The Volvo C70 was introduced to the market in 1998 as a part of the Volvo ‘70’ range that would be the successor to the aging 900 series. It, however, had little in common with the old Volvos in terms of styling or power.
The C70 started life in coupe and cabriolet variants that were available with a choice of 4-speed automatic and 5-speed manual gearboxes. This changed in 2006 when the option of a coupe or cabriolet was eliminated, with the new model being a sort of hybrid of the two in the form of the coupe-cabriolet with a retractable hardtop roof.
Whereas the first-generation C70 does in some respects resemble the styling for which Volvo was known, with a straight-lined bonnet, the second-generation does away with any of this old styling and would be unrecognisable as a Volvo to any Volvo aficionados of yesteryear.
The C70 does lack the hectares of room for which previous Volvos were known and room is a little tight in the rear seats, but the C70 has all of the safety features synonymous with the brand’s name. Standard kit is very impressive, and the car would be perfect for anyone wishing for a marriage of sporty feel and a safe, relaxed ride.
The most powerful introductory model – the T5 – had a 2.3L turbocharged engine with an output of 176kW and a maximum torque of 330Nm, which facilitated acceleration time of 0-100km/h in 6.9 seconds. The top speed of this model had to be electronically capped to 250km/h – very un-Volvo-like indeed.
As previously stated, the introductory models were available with 4-speed automatic and 5-speed manual gearboxes, with the former the much-preferred model. This model had a combined fuel consumption of 9.93L/100km.
The equivalent model T5 in the second generation had a slightly reduced top speed, at 239km/h, and acceleration time, reaching 0-100km/h in 7.8 seconds, powered by 169kW of output and 320Nm of torque, using approximately 10L/100km of fuel. These second-generation models were now available in 5-speed automatic and 6-speed manual gearboxes.
At speed, early models are very impressive compared to some their contemporaries, yet later models were criticised for having ‘ordinary’ performance in comparison to rivals, of which by 2006 there were many.
Nonetheless, the C70 has earned a reputation as a cruiser due to it being very quiet and a generally smooth ride on the highway. This smoothness is aided by the superbly solid build quality for which Volvo is known as well as the C70’s finely tuned suspension, which helped add a more balanced feel to the ride. The C70 can be noisy on rough road surfaces, however.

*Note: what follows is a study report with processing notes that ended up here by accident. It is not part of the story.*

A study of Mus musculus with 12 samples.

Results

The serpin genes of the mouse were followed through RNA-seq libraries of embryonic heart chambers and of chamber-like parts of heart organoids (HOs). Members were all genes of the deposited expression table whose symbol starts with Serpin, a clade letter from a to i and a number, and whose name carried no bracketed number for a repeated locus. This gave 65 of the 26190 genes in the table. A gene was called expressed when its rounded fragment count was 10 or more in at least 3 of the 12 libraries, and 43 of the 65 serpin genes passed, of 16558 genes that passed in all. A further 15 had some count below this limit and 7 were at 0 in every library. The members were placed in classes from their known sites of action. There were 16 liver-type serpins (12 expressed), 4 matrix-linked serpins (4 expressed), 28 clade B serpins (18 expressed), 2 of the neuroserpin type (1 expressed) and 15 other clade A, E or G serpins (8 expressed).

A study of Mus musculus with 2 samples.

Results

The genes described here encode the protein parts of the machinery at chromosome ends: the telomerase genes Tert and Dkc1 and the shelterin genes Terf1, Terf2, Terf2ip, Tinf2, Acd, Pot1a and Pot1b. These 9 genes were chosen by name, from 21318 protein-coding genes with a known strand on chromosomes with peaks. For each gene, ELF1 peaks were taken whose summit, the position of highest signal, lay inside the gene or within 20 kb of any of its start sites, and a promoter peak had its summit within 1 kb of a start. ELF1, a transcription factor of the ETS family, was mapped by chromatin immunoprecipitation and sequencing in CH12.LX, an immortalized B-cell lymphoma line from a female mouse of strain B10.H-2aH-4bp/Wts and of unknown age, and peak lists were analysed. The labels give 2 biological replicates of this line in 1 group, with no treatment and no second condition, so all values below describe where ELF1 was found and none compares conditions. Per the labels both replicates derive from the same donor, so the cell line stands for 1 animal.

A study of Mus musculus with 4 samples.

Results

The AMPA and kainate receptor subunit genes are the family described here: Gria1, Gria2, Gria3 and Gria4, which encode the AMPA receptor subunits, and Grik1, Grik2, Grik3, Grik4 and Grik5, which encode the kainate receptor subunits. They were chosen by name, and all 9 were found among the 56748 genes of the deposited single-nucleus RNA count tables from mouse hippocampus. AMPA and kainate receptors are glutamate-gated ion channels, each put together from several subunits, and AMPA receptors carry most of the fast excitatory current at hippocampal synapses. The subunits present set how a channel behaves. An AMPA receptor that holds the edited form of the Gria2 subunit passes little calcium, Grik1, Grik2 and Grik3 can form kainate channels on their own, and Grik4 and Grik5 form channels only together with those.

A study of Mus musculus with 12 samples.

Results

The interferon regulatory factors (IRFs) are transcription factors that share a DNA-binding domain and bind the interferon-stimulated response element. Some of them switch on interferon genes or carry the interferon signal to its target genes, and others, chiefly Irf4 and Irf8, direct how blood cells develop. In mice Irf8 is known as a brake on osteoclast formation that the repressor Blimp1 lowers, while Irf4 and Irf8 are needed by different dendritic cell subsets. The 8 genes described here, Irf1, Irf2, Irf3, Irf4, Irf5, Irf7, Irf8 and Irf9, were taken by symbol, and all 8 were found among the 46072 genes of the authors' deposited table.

In terms of handling, the steering is accurate and responsive but with a little reluctance to turn on corners, with a little torque-steer when pushed hard. Forward and side visibility is very good due to the lack of central roof pillars, yet rear visibility is somewhat hindered by the small rear window.
Standard features on first-generation models included an electric ‘power’ sunroof, a truly hi-fi Dolby Surround Pro-Logic stereo system equipped with 10 speakers, a CD player, power seats, power windows, cruise control, trip computer, air-conditioning, dual front and side curtain airbags, remote central-locking, an immobiliser, leather upholstery, and an anti-lock braking system.
Adding to this already sizeable kit, the second-generation models added electric, heated, powered front seats, climate control, and traction control. Bringing things truly into the 21st century, Volvo also added Bluetooth, auxiliary and USB inputs, and active ‘bi-xenon’ headlights.
Safety features on all C70 models are exemplary, which has been par for the course with all Volvos since the 1970s. Indeed, the C70 hit the headlines upon launch in 1998 for being the first car to include curtain airbags for front passengers.
As well as the aforementioned ABS and immobiliser, all C70 models also include lap-sash seatbelts as well as adjustable headrests and front seats designed for comfort and anti-whiplash characteristics.
The C70 found rivals in the BMW 328i, as well as the Holden Monaro CV6 and Honda Prelude. While not as elegant as the BMW, with a greater depreciation arising from Volvo’s relative lack of prestige, the original C70 is still an attractive convertible with good performance, a decent amount of room (admittedly hampered when the top is down), and a comfortable ride.
While the second-generation model disappointed some, its long list of safety features, gargantuan standard kit, classy style, and solid build quality are factors with which one can confidently recommend the C70 over its competitors, especially for those looking for a nice balance been a sporty feel and solid, safe handling.